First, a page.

October 08, 2014

Content Marketers: Where's the Value?

The Content Marketing Institute’s (CMI) annual survey entitled, “B2B Content Marketing: 2015 Benchmarks, Budgets, and Trends—North America” was full of useful information and interesting facts. One of the most noticeable items included in the report was an updated definition of content marketing:

“Content marketing is a strategic marketing approach focused on creating and distributing valuable, relevant and consistent content to attract and retain a clearly-defined audience — and ultimately drive profitable customer action.”

The word “valuable” is the key, not only to this new definition but to the entire future of content creation. As marketers, it’s easy to get lost in the weeds trying to be overly clever or reaching to try to tie current events to our content. But every marketer knows, deep down, that creating value in your content is what draws customers in. How do you do it? Here are a few ways:

Address Pain Points

This is probably the most important piece of successful content marketing because providing solutions to common problems is how businesses make sales. As a marketer, your job is to lay out simply exactly how your company’s product or service helps eliminate these difficulties. For example, let’s say you manufacture office equipment. It is not enough to talk vaguely about how your organization can help a prospect cut costs—you need to explicitly explain that your products:

  1. Are more energy efficient
  2. Require less maintenance
  3. Can be monitored remotely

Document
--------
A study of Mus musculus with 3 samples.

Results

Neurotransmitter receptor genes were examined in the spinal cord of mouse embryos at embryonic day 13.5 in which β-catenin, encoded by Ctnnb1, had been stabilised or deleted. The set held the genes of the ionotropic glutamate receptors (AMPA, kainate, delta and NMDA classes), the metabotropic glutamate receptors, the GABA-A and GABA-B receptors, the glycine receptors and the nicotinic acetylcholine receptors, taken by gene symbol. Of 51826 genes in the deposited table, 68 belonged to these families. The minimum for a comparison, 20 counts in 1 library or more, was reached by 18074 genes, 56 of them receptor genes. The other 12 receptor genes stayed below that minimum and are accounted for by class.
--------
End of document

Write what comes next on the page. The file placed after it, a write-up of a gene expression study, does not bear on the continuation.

The theoretical example above gives clear cut solutions to a business that knows it is wasting money by using legacy office equipment. Addressing pain points lets customers know that you understand their industry and can help them do business more efficiently.

Make the Buyer the Hero

Oftentimes in B2B sales the buyer is looking for a way to impress their boss by adopting a solution that dramatically improves operations. Marketers should use that mentality to their advantage by making the buyer the central figure of the content.

Making the buyer a hero allows you to tell a story that has a beginning, middle and end. For instance, the introduction can discuss the boss asking the buyer to find a product to solve a particular problem. The middle of the story addresses the search for the product and the story concludes with the boss praising the buyer for a job well done.  

Don’t Be Afraid to Curate

One the most effective ways to add value to your content is to curate information. Whether you round up a bunch of compelling stats to include in a blog post or put together several use cases for your product, buyers appreciate this kind of content.

Why? Because you’ve saved them valuable time they would otherwise have spent doing their own research in every corner of the Internet. Put simply, there’s nothing more valuable to buyers than giving them their own time back.

How Can You Execute?

Content creation that includes real value can be difficult if you haven’t been doing it all along. If you find that connecting with readers is more difficult than you thought, consider engaging with a content strategy vendor that can help light the way. Click here to learn more about how Content Boost helps businesses execute their content marketing strategies.